CLEVELAND — According to the newest vaccination data, one in four Ohioans has at least started the vaccination process, amounting to roughly 3 million people across the state having at least the first dose of the COVID-19 vaccine. In Cuyahoga County specifically, the data has continued to show a disparity between the number of Black residents and other minorities who have been vaccinated compared to their white counterparts.
Vaccination demographic data from the Ohio Department of Health shows nearly 320,000 Cuyahoga county residents have started the vaccination process. Nearly 230,000 Caucasians have been vaccinated, which accounts for nearly 30% of the county’s population of white residents. However, only 12.75% of the county’s Black population — or about 48,000 people — have been vaccinated, according to ODH data posted late Wednesday afternoon. Even as other community groups have seen large increases in total vaccination rates since the Wolstein Center mass vaccination site opened up earlier this month, the number of Black people to be vaccinated has only grown slightly over the past week from 10% to 12.75%.
Yvonka Hall, the executive director of the Northeast Ohio Black Health Coalition, said the data highlights disparities, including transportation and internet access, that remain prevalent in minority communities.
“All of these things have to come into play when we talk about access,” Hall said. “We have to look at every single iota.”
When local and state officials announced the selection of the Wolstein Center as the mass vaccination site, many highlighted its proximity to the population center, including its proximity to medically underserved and economically challenged communities. Officials also highlighted its proximity to mass transportation and highways as being beneficial for increasing access to vaccinations. Despite receiving rave reviews for its efficiency, according to the county-wide data, the Wolstein mass vaccination site hasn’t necessarily translated to large increases in vaccination rates in minority communities.
News 5 has requested vaccination demographics data specific to the Wolstein Center vaccination site. As of Wednesday evening, ODH was still working to provide that data.
"This system is a well-oiled machine by all standards. But when we talk about proficiency, proficiency is how it impacts people,” Hall said. “When we talk about proficiencies, that’s when the devil is in the details. COVID, if it was a light to be shone, it shone on everything that African Americans have been screaming about for years but we didn’t have to do the screaming. COVID did the screaming for us. With the whole vaccination rollout, if you thought that was a light on the glaring inequalities, then the vaccination rollout should show a glaring inequity in terms of access.”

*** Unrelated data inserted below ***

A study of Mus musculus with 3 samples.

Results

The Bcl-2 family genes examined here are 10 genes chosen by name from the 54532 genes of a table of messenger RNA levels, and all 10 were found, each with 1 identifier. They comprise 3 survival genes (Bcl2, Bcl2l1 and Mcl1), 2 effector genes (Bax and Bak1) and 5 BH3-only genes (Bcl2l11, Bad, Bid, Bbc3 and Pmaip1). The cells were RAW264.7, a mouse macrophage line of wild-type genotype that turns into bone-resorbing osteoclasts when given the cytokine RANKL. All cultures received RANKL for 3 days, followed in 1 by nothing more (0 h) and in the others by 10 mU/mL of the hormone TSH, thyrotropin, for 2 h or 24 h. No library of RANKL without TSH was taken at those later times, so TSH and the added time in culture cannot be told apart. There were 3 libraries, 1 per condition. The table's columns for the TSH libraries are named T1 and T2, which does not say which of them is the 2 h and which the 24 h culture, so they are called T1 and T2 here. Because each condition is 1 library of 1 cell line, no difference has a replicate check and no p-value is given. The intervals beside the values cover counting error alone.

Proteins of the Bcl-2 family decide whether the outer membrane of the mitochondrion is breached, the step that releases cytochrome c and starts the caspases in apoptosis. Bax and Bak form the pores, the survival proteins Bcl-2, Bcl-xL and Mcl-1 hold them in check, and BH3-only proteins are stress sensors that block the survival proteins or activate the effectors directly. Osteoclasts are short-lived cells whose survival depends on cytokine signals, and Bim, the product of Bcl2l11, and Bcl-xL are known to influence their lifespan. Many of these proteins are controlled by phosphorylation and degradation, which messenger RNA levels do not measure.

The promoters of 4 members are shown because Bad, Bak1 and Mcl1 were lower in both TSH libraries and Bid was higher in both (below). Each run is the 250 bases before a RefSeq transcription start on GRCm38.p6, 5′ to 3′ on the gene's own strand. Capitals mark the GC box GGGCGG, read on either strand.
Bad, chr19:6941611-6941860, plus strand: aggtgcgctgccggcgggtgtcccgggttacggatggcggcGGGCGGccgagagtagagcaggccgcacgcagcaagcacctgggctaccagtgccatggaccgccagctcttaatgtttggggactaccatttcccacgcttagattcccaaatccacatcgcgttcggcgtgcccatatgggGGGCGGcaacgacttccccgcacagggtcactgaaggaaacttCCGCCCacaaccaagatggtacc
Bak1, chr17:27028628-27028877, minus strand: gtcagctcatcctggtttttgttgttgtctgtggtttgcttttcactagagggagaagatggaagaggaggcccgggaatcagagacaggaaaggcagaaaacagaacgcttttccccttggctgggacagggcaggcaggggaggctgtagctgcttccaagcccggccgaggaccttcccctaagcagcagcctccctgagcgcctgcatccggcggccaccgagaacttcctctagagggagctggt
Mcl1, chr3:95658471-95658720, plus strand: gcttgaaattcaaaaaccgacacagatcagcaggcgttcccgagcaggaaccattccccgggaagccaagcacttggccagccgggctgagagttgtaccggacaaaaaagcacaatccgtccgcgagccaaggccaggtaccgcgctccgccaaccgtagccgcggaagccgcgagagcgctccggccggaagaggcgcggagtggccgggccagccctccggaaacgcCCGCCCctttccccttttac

Local residents Marla Zwinggi and Stacey Bane, better known as the Vaccine Queens, have been on the forefront of the citizen-led effort to broaden the reach of the vaccination process by helping the elderly and underserved communities. Zwinggi has seen first-hand the challenges that some folks have faced.
“It doesn’t just have to be access to a vaccination. It’s access to anything. I think we live under this false pretense that everyone has a computer, everyone has a smartphone, everyone has a cell phone,” Zwinggi said. “That is not the case.”
City and county leaders have tried to put down infrastructure to get people to the vaccination site by arranging free rides and subsidized rideshare trips that have been made available for people through 211. However, Hall said even more outreach is needed and, perhaps, a smaller mass vaccination clinic in some of the city’s distressed neighborhoods.
"Whether it's changing who is at the table, adding people to the table or creating a new table, something needs to be done to make sure the voice of the voiceless is heard,” Hall said. “Right now, with the numbers, it tells us that the only people whose voices are being heard are those with access.”
Ohio Department of Health: 3 - Partially complied with information requests
The Ohio Department of Health did provide some vaccination data in a timely fashion, but not the specific demographic data that was requested.